Project management is a highly sought after career in Australia. The industry is growing at a rapid rate as this essential skill for a broad range of industries reaches maturity.
It’s hardly surprising. Project managers are considered to be the leaders of corporate change and innovation able to see around corners.
Interestingly, the first-ever noted project manager in Australia worked on the construction of the Sydney Opera House, which was completed in 1959.
Not long after, a Project Managers Forum was created in Australia, and the Australian Institute of Project Management followed.
The project management industry even has it’s very own handbook. The Project Management Body of Knowledge is a set of standard terminology and guidelines for the industry that sets out standards rules and programs that are widely accepted by the broader sector.
What does a project manager do?
Essentially, a project manager is accountable for the success or failure of a project.
They usually wear many hats, regardless of the size of the project.
Typical responsibilities include planning, costing, executing and closing projects, managing teams, reporting on progress, managing stakeholders and ensuring expectations are met.
They’re paid extremely well for their skills, too. The average salary for a project manager in Australia is $125,738 per year, according to jobs site Indeed. However bear in mind this is just an average, and as you progress throughout your career, there’s plenty of potential to command a higher salary than this.
The change leaders
These days, project managers are recognised as an integral part of any organisation. They’re the change facilitators, adding value and delivering outcomes on both a grand or small scale.
Statistics prove how necessary a project manager can be. Oxford Global Projects July 2019 figures reveal that an incredible nine out of 10 projects go over budget. The figure, published in a report by the Australian Institute of Project Management, comes from the performance of 11,123 projects globally, totalling more than $3 trillion in value.
One of the more recent high profile project management blow-outs in Melbourne has been the city’s Metro rail project, which the state’s auditor general has found to be nearly $100 million over budget.
News reports reveal that early works construction costs on the $11 billion project have blown out by 31 per cent. This is said to be due to efforts to open the new railway in 2025, a year earlier than initially planned.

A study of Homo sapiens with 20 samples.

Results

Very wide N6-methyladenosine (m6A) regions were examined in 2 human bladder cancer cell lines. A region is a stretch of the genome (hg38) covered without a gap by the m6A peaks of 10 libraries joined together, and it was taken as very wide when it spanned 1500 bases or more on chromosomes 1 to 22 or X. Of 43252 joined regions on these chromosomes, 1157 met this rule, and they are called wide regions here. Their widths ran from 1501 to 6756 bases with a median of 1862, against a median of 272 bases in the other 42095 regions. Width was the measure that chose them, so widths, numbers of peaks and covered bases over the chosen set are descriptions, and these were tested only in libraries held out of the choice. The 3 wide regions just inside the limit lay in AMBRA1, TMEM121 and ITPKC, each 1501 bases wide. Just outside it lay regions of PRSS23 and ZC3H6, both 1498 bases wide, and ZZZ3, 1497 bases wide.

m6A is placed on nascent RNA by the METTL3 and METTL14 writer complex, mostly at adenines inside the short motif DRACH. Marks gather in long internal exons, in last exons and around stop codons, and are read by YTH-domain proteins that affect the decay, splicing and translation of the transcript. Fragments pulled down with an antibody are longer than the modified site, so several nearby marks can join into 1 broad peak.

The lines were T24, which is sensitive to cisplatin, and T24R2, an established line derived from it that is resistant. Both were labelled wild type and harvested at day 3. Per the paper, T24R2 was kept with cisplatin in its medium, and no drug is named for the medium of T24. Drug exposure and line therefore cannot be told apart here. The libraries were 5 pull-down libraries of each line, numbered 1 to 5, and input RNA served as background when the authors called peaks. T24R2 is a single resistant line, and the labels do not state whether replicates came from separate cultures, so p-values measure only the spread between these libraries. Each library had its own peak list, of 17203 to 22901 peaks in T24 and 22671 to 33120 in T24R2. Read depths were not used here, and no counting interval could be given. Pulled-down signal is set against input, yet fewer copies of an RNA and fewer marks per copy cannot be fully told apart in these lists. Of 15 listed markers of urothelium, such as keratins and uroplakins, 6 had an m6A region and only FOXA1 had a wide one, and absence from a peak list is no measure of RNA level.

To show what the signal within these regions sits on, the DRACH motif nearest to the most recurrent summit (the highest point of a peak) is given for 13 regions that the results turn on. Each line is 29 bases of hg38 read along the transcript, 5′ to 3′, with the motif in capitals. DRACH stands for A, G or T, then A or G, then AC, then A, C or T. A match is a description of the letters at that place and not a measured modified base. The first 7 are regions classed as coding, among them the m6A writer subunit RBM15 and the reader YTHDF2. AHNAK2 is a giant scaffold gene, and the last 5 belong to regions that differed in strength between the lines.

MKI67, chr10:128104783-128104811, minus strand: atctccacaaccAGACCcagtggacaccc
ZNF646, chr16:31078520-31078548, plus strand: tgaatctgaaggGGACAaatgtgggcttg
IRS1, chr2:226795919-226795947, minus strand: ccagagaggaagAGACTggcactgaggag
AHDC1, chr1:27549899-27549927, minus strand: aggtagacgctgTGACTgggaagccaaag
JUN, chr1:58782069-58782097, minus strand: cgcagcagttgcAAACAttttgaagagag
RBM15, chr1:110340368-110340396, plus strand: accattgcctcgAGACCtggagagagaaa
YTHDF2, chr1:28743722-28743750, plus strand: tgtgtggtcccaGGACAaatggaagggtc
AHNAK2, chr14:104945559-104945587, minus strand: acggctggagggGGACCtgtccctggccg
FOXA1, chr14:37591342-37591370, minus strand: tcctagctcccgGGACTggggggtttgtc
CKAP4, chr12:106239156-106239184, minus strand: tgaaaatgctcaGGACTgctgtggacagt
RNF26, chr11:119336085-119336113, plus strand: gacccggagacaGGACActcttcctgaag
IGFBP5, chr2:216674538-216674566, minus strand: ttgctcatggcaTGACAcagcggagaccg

Project management in my DNA
Richard Dexter works as a project manager in Melbourne. He has handled cargo for both imports and exports all over Australasia for the past decade. He also is the project manager of a popular regional craft beer festival.
He admits he didn’t specifically seek a career in project management. “With a manufacturing and IT background, careful planning, logical thinking and risk-averse tendencies part of my DNA from an early age in my career, the opportunities presented themselves to pursue project management roles over the course of my career,” Dexter says.
What does he love about the career? He lists the best parts of the job include planning and vendor sourcing, plus the marketing of events. “The ever-changing elements in both project cargo and events are always subject to outside forces, such as OH&S, related Government departments and other related parties, which keeps me on my toes,” he says.
In recent years, project managers have adopted a number of digital tools to ensure the entire team is across projects, so everyone is on the same page.
These tools give the project manager the ability to ensure the broader team is taking responsibility for their aspects of the project every step of the way. Just a few project management tools out there for teams include:
Wrike streamlines elements of each project on a simple dashboard, allowing team members to mark off tasks when they’re done. This reveals what’s been completed each day, week and month.
Monday allows project management to be set on autopilot and automates the rest so teams can reach their milestones. It also has automated notifications to confirm you’re on track. Monday also integrates with other apps.
Trello offers simple software, with a dashboard that allows users to drag and move projects into different phases. The drag and drop functionality makes it crystal clear what still needs to be done.
Zoho has a straight-forward interface and lots of features and integrations that make it an excellent choice for project managers in a range of industries.
Teamweek is another option that makes scheduling, planning and communicating easy during project management. You can also zoom in at a glance to see what everyone is working on.
It’s your time to shine
If you’re considering a career in project management, take a closer look at RMIT’s online Graduate Diploma in Project Management, which will give you the knowledge and expertise to successfully manage large-scale projects from concept to completion - on budget and on time.
You can use these skills across a wide range of industries such as construction, mining, manufacturing and event management.
This course is also the best way to equip yourself with the practical skills to find more effective ways to manage projects, empowering and improving the performance of teams for the successful conclusion of projects.
Read more about our online Graduate Diploma in Project Management or call 1300 701 171 to speak with an Enrolment Advisor.